In a three-week period shortly after the pandemic outbreak, Richer Poorer sold three times as many sweatpants than in all of 2019.
That was a small part of an overall trend for the basics clothing brand: The first five months of 2020 have greatly boosted online sales, transforming it into an e-commerce business first and foremost.
“We essentially had to kind of rebuild and restructure our team overnight to now go, ‘OK, we’re a DTC brand,'” the company’s CEO Iva Pawling said on the Glossy Podcast.
Richer Poorer had already been planning to gradually shift to a focus on e-commerce over wholesale. The plan was to grow direct sales to 40% of revenue in 2020 and reach parity next year on the way to a primarily DTC model. Now, Pawling estimates e-commerce is set to make up roughly 75% of the company’s bottom line this year.
Pawling said that a pivot in branding, already underway before the pandemic struck, has helped the company pitch its products as right for the moment. “We very much had rebranded under this belief that what we’re here to do is deliver confidence and comfort — that your comfortable clothes don’t have to be these items that are just stay-at-home because they look sloppy and you don’t feel comfortable going outside in them.”
In a stroke of luck, the company’s fall 2020 collection — planned as far back as last November — conceptualized around “being the most comfortable at home,” Pawling said.
And because it’s now seeing a much higher return on digital advertising, it’s increased spending on that front. “We had suddenly way more eyeballs on us and traffic coming to us, which helps. And then on the other side, a lot of people that we were competing against from an ads perspective, digitally, had completely just turned their ad spend off when this happened. So we really were able to fast forward quite a bit of growth based on those things.”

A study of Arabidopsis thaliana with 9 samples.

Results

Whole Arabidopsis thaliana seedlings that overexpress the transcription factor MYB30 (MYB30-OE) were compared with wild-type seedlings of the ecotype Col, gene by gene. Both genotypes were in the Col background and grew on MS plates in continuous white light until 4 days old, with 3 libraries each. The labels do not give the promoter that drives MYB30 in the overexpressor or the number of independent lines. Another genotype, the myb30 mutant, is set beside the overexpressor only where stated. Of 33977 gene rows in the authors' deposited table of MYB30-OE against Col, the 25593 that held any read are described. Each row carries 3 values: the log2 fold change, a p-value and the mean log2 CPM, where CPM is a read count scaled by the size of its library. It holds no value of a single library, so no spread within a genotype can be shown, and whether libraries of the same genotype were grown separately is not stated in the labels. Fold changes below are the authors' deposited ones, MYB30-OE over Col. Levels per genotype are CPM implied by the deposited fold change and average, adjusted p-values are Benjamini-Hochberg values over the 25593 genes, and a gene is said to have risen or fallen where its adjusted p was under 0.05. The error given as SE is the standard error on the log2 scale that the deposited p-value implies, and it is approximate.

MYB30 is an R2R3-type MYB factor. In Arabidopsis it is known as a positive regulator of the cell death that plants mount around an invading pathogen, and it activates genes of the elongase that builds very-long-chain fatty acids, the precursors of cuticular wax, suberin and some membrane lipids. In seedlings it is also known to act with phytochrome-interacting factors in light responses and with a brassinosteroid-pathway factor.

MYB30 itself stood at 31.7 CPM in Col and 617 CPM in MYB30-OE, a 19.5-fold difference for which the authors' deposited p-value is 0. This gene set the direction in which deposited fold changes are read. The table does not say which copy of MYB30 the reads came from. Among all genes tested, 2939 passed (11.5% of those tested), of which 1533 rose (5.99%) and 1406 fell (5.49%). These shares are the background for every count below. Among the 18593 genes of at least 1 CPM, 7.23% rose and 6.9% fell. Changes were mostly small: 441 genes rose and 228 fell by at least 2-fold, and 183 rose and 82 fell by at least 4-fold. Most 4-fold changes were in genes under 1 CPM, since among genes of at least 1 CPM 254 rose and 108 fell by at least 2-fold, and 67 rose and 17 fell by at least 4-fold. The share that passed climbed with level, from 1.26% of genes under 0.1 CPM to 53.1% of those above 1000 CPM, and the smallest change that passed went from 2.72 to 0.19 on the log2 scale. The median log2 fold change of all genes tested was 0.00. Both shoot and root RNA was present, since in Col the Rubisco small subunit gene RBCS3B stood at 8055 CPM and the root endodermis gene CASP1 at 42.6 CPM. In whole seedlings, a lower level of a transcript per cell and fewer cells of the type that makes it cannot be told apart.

As for retail, Pawling said that a previous plan to open a brick-and-mortar store in late 2020 is now completely off the table. The earliest the company will tackle physical retail is 2022, she said.
Pawling is pretty used to tumult. She co-founded Richer Poorer in 2010 — as a purveyor of midrange socks for men, exclusively — before she and her co-founder Tim Morse sold it to Shoes.com in 2015. But their new owner’s business model wasn’t as sound as they had expected. “The whole thing just imploded,” Pawling said. She and Morse had to convince two board members to buy the business out. Weeks later, Shoes.com filed for bankruptcy.
Richer Poorer’s ownership has since returned to Pawling and Morse, who have turned it into a clothing line that caters mostly to women. As for the socks? “They make up about 8% of the business at this point,” Pawling said.
Here are a few highlights from the conversation, which have been lightly edited for clarity.
Spending on ads when competitors aren’t
“Your digital ad spend works better when you have a ton of organic traffic coming at you. The second that this started, we started obviously increasing our budgets on digital ad spend because we were seeing a much higher return on ad spend. From that perspective, it was two-fold. We had suddenly way more eyeballs on us and traffic coming to us, which helps. And then on the other side, a lot of people that we were competing against from an ads perspective, digitally, had completely just turned their ad spend off when this happened. So we really were able to fast-forward quite a bit of growth based on those things. And we don’t anticipate that that’s going to hold, obviously. But we can get more customers into our funnel. Once they get the product, they’re usually really happy with it and super-impressed.”
Clothes that just might be right for this crisis
“Covid[-19] hit and we had this crazy inflection point online. The numbers that we did in February doubled in March and doubled again in April. We had this crazy hit, and suddenly the world knew about Richer Poorer — specifically, that female demographic of customer that we were looking for was searching for product of our kind. We very much had rebranded under this belief that what we’re here to do is deliver confidence and comfort — that your comfortable clothes don’t have to be these items that are just stay-at-home because they’re so comfortable and they look sloppy, and you don’t feel comfortable going outside in them. While a lot of the market has focused on adding technical elements into your dress clothes, our approach has been to take the stuff that you love the most — your tees, your sweats, your undergarments – and refit them and put them in materials that let you look in the mirror and still feel totally put together.”
Becoming a DTC brand overnight
“We moved people into new roles, put them into digital-facing tasks that they weren’t doing before, from the wholesale team and the marketing team and even the design team. Everyone now has to orient to e-comm. We essentially had to kind of rebuild and restructure our team overnight to now go, ‘OK, we’re a DTC brand.’ So how does that operate? How does our supply chain need to change, when we’re placing POs now and selling out of a product in a day rather than three or four months. Everything had to get revamped and redone.”